Seattle Mariners general manager Jack Zduriencik preached patience and guaranteed future success as he spoke about team development at a Bellevue Chamber of Commerce luncheon Tuesday at the downtown Bellevue Westin.
"I assure you that there is a commitment to this organization, a commitment to this community, and a commitment to this fanbase," Zduriencik said. "I give my word that we're going to get this thing right."
The talk on Tuesday came in the midst of a disappointing season that has seen Ken Griffey Jr. brusquely retire, Cy Young lefty Cliff Lee barely touching the mound before his trade to Texas, and the last-place Mariners falling short of expectations at nearly every turn.
"This has been a year of disappointments, a year of setbacks, and a year of issues," Zduriencik said.
The second-year GM promised that hope will spring from the Mariners' farm system as he rattled off statistics about its minor-league teams ranking number one in home runs and slugging percentage, number two in runs scored and winning percentage, and fourth in batting average.
"We're building an organization right now that I think will sustain for years to come," Zduriencik said. "It takes time. It's difficult."
Developing talent is Zduriencik's forté. He built a reputation for it with the New York Mets, the Pittsburgh Pirates, and especially the Milwaukee Brewers.
Zduriencik said he prefers a roster of mostly home-grown players, with trades and free-agent acquisitions serving as a sort of icing on the cake.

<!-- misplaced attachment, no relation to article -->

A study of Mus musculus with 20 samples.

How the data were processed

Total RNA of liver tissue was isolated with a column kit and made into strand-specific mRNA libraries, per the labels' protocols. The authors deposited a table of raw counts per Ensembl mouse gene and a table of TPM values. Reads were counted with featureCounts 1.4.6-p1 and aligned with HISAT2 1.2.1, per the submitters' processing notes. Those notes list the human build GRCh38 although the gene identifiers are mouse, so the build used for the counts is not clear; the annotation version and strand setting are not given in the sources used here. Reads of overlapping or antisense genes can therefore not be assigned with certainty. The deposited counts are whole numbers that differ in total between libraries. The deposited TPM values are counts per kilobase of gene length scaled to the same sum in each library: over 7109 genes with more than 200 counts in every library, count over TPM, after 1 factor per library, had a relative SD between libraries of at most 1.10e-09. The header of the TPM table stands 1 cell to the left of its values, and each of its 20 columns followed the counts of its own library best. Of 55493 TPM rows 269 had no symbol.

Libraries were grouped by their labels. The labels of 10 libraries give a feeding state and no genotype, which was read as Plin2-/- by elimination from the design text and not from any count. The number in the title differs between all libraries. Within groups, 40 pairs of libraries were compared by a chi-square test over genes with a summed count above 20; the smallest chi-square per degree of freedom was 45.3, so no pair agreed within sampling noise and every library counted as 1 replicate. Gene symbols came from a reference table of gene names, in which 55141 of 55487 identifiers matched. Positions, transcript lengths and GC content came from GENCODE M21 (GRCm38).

"We are building a foundation," he said. "We are trying to get to a point where you can be proud of the players that are here and every Felix Hernandez who was raised by this organization and comes to the top."
Six Milwaukee Brewers who became All-Stars in the past 10 years came up through the Brewers organization while Zduriencik was working for the club, which went from being basement dwellers to playoff contenders during his tenure.
When it comes to retaining big names like Hernandez and Lee, Zduriencik said it's all about perfect fits.
"If you can, and sometimes it's difficult, you try to create a picture for a player to understand why the community is good for him and his family, where the organization is headed, and why he could be a part of this."
Zduriencik said players are most likely to stray as free agents when they're looking to find the highest bidder above all else.
One audience member asked Zduriencik whether he would move some of his Triple-A players to the majors now that the Mariners are essentially out of the playoff picture.
Zdurincik said he is reluctant to break up a first-place Tacoma team that is chasing a championship.
"If you go to our (Mariners) locker room, it hasn't been a lot of fun lately," he said. "If you go to Tacoma, they're having a blast. They think they can beat anybody.
"For them to win a championship, this is how you build organizations."
There has been speculation that the Mariners may fire manager Don Wakamatsu , possibly before the season ends. Most of that talk surfaced in the wake of a dugout confrontation between the skipper and Chone Figgins, followed by a winless road trip that left the team with a 39-67 record.
Zduriencik said Tuesday that Wakamatsu is the leader of the club, making it clear to players who the boss is, but also making the skipper fully accountable if the team can't turn itself around.